The Rome-Floyd County NAACP has forwarded a list of complaints to its state organization in regard to the Floyd County Board of Elections and Registration’s handling of local voting in the June 9 primary.
According to local NAACP president Ouida D. Sams, the group is unhappy with portions of how the last election day was handled and with Chief Elections Clerk Robert Brady’s June 26 follow up report on the matter.
“Mr. Brady gave a report and said that he did a good job and that there were no real issues that day,” Sams said, but said the local NAACP has several concerns about how June 9 was handled.
“There are several concerns,” Sams said. “Voting is not a joke; this is a serious matter.”
Sams said Georgia NAACP President James Woodall met with Secretary of State Brad Raffensperger last Monday about voting concerns, including those in Floyd County.
Brady said he was unaware of any action by the NAACP, but stands by his June 26 report.
“There were a few problems, as there always are,” Brady said. “We had one piece of equipment fail, and we replaced that. Beyond all that, I’m not aware of anything other than the usual minor annoyances with opening and closing the polls.”
Brady said he isn’t aware of any formal complaint filed at the state level in reference to June 9, other than local “grumblings.”
“They have not specifically said anything to me about having an issue,” Brady said. “I know they are unhappy with me as a general statement. I’m not aware of any complaint that’s been forwarded to anybody.”
Brady responded to six bullet points presented in the NAACP complaint, but maintained he hadn’t been aware of them, specifically, prior to speaking with the Rome News-Tribune.
The complaint contains allegations that there were late poll openings, a lack of training, an inconsistent absentee ballot protocol and instances of equipment failure.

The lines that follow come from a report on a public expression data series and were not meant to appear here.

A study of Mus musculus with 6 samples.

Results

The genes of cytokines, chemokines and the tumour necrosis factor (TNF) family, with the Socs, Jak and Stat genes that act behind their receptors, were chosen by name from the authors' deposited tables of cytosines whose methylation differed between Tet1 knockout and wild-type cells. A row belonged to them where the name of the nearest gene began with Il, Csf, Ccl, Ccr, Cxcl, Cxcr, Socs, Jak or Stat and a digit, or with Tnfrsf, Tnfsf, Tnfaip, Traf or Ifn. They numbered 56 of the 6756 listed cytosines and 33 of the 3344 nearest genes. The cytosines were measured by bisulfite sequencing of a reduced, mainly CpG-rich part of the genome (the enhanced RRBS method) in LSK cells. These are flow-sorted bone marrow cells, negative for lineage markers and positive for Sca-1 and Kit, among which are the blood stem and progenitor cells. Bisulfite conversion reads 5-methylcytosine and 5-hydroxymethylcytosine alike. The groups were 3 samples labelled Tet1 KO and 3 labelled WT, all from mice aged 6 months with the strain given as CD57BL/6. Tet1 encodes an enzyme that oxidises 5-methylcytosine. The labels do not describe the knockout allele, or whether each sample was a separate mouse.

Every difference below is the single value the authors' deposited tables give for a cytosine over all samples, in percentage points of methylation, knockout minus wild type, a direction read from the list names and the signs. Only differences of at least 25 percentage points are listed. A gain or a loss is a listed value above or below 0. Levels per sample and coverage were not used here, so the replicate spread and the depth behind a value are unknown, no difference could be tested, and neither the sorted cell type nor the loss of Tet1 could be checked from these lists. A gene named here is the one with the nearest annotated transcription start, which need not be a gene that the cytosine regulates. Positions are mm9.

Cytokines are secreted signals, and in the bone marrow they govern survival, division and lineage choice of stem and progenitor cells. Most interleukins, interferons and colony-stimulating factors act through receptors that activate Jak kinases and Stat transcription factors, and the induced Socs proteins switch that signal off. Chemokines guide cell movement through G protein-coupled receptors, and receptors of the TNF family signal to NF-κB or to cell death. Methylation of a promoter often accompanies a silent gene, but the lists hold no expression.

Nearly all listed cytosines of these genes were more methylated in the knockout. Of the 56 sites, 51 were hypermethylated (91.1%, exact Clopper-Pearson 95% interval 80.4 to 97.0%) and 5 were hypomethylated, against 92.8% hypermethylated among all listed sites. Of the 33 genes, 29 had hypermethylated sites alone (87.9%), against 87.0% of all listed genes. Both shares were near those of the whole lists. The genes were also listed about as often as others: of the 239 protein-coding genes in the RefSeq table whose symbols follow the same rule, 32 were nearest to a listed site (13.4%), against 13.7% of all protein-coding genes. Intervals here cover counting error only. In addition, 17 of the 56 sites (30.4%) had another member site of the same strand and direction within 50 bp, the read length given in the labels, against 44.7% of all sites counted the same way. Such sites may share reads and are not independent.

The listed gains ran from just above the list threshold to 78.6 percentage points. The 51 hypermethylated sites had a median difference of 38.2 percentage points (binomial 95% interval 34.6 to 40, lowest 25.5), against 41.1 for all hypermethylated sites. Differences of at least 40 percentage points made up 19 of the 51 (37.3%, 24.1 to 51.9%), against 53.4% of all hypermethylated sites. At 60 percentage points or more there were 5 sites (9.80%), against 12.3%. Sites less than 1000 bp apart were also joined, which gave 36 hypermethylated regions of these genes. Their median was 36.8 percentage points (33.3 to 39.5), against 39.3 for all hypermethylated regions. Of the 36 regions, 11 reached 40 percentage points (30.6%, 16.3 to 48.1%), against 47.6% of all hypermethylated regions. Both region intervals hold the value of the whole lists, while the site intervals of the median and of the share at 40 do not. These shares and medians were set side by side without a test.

Brady said he addressed several of the concerns Monday:
♦ Late poll openings
“It is entirely possible that there were polling places that did not open exactly at 7 o’clock,” Brady said. “I was not made aware of anybody that had any major problems that lasted much later than 7 o’clock. We did have a few that were a little slow to get opened up in the morning.”
♦ Inaccessibility of support for poll managers/lack of training
“Is there such a thing as enough training? As far as I’m concerned, there is no such thing as enough training,” Brady said. “This was day one with the new system. We had 18 years of training with the old system.”
♦ Mistreatment of poll workers/lack of materials
“I don’t know of any situation where a poll worker was mistreated,” Brady said.
♦ Inconsistent absentee ballot protocols
“I am uncertain exactly what that means,” Brady said.
♦ Equipment failure
Brady said they had one voting machine fail that day and it was replaced in compliance with all rules and regulations. The problem with that particular machine has since been diagnosed.
“Registrars and deputy registrars are the only people allowed to possess ballots other than the person voting,” Brady said. “One piece of equipment failed and we replaced it. When we replaced it, the board of elections chairman, the county manager, and I were all there on site, absolutely in compliance with the rules.”
♦ Early closing of ballot drop boxes
“By legal definition, we didn’t do anything wrong,” Brady said. He said the rules at the time stated that polling places had to be closed by 7 p.m., but they didn’t specify how long they had to be open.The rule has since been clarified, he said, ensuring the boxes are kept open at least until 7 p.m.
Brady said he wants to assure voters that the process, locally speaking, will be more smooth in the future.
“I was unaware of any of this beyond we’ve already addressed all of these issues at the local level,” Brady said.
“I stand by all of my decisions. If they expect perfection, I’m sorry, ... they’re going to be disappointed,” he said. “They got the very best job we could do. I assure you, the next elections will run smoother from here forward. I think the Floyd County elections went very smoothly.”